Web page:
Inside sales is a competitive business. There’s thousands of people who do what you do and then, of course, there’s the Bills and Shirleys of the world who have heard it all before. You have to be different. You have to stand out from the pack.
One way of doing this is in the words. Phraseology is key. What is not said is often more important than what is.
For instance, if you are trying to get Bill’s cell phone from Shirley you might not want to be so straight forward. Instead of directly saying, “Do you have Bill’s cell phone?” You might want to preface it this way:
“Gee, Shirley, I have another one of those splitting headaches, the pain it unbearable. Do you have Bill’s cell?”
Most likely, Shirley has never that line before. It’s unusual. It doesn’t mean anything, but since it’s so nonsensical it’s quite possible that Shirley will be focused on your headache and not the matter of giving out Bill’s number.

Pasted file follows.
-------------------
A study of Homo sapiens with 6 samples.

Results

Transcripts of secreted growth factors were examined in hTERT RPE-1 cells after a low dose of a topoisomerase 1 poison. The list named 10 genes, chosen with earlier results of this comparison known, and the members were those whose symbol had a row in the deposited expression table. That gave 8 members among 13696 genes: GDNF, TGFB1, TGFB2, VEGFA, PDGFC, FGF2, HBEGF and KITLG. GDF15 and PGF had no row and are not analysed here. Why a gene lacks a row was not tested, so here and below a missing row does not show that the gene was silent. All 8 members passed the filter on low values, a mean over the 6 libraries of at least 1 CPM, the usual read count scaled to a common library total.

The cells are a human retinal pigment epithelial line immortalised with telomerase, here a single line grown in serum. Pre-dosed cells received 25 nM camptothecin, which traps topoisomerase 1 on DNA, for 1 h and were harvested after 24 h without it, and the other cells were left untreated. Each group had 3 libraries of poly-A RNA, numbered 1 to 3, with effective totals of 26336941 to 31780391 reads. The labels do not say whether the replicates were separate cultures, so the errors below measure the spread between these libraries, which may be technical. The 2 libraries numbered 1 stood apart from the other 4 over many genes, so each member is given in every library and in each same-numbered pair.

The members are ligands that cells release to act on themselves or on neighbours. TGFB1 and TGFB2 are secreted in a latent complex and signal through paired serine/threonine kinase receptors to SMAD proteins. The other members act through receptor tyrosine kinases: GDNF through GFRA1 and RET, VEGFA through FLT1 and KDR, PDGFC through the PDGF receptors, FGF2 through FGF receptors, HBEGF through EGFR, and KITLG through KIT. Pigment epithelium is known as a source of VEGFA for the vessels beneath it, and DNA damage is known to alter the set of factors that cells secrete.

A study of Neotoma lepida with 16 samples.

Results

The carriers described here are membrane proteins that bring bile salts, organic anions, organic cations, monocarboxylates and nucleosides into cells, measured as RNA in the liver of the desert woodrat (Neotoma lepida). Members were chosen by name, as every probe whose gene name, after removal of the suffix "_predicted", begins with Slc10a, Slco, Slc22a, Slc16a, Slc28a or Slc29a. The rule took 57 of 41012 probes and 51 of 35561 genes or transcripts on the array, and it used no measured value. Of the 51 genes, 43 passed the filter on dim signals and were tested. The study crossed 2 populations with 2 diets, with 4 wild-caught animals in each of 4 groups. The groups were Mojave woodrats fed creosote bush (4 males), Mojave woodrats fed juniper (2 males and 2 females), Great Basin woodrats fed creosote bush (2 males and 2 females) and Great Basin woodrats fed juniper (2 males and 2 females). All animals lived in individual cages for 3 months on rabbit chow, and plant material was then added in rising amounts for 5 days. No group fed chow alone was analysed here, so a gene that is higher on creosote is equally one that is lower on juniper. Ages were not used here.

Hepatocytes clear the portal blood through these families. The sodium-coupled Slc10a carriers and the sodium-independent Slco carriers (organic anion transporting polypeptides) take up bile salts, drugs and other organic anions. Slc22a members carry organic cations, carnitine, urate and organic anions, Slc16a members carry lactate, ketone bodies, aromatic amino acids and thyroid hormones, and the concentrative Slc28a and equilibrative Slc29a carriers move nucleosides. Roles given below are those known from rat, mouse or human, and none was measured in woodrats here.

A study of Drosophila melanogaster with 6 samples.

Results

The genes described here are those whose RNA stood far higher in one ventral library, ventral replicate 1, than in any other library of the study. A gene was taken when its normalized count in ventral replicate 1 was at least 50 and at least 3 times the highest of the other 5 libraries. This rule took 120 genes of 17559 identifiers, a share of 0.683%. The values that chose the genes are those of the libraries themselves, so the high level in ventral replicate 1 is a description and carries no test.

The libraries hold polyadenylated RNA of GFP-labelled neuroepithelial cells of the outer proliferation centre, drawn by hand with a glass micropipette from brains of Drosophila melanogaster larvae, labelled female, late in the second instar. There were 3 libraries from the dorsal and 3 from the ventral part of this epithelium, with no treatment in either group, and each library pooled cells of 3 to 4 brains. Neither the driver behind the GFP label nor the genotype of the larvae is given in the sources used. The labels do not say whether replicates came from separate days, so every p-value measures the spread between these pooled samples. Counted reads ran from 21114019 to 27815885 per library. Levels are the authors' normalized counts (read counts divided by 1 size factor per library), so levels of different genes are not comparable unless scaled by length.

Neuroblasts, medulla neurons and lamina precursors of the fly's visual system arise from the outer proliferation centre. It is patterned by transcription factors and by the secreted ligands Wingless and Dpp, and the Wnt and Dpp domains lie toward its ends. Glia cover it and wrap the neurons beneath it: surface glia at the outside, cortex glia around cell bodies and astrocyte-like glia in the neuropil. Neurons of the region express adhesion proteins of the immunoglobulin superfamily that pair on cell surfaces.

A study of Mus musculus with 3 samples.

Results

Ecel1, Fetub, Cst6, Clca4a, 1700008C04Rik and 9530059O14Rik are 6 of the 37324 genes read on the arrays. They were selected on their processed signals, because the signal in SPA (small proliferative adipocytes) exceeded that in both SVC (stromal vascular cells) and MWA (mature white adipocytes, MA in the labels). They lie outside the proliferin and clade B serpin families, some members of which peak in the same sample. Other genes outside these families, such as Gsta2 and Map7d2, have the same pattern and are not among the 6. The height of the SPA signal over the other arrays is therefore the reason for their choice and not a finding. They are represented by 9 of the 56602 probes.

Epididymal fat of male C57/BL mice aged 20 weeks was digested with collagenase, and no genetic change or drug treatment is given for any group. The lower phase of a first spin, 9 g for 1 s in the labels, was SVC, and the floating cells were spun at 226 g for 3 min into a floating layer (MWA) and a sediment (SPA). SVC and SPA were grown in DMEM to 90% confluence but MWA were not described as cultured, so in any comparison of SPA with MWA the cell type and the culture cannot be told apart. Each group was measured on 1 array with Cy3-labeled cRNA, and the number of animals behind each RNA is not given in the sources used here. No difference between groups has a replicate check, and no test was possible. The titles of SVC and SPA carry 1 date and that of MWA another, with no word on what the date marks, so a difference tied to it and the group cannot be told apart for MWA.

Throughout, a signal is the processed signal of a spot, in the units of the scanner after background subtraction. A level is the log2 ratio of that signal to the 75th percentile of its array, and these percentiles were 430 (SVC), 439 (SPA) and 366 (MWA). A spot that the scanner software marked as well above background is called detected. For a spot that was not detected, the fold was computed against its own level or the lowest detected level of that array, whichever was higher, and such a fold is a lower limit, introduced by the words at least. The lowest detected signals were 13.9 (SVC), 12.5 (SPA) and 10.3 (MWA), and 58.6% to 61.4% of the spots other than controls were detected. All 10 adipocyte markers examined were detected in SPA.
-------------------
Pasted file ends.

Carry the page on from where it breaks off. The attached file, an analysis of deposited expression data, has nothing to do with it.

Receptionists are very susceptible to offbeat phrasing. They are also surprisingly fascinated with mottos. If they tell you they can’t find Bill’s cell, tell them:
“Have you tried looking in Outlook? Always be on the lookout for Outlook. That’s our motto? Do you like it?”
Most of the time they’ll say, yes, they like the motto and will give you the cell. The motto, “Always be on the lookout for Outlook,” by the way, is idiotic. But if you deliver it with conviction they’ll think it’s Shakespearean.
Other phraseology and mottos include:
“If you’re not on the ball you can’t have a ball.” “I’m up on the roof in the wind in Building 2, is Bill in?” “Well, as my grandmother used to say, ‘we can’t be in two places at the same time.’ Ah, granny, bless her heart. Can you put me through to Bill, Shirley?”
Being strange gives pause to normal folks. Using strange phraseology hypnotizes them. And if you deliver your lines in an upbeat, unworldly way, people will focus on the wrong thing and give you what you want. “Remember, Shirley, ‘If you’re doing nothing, you’re doing something, and that something is nothing.’ That’s my motto. Now, can you take a look at Outlook and find Bill’s cell?”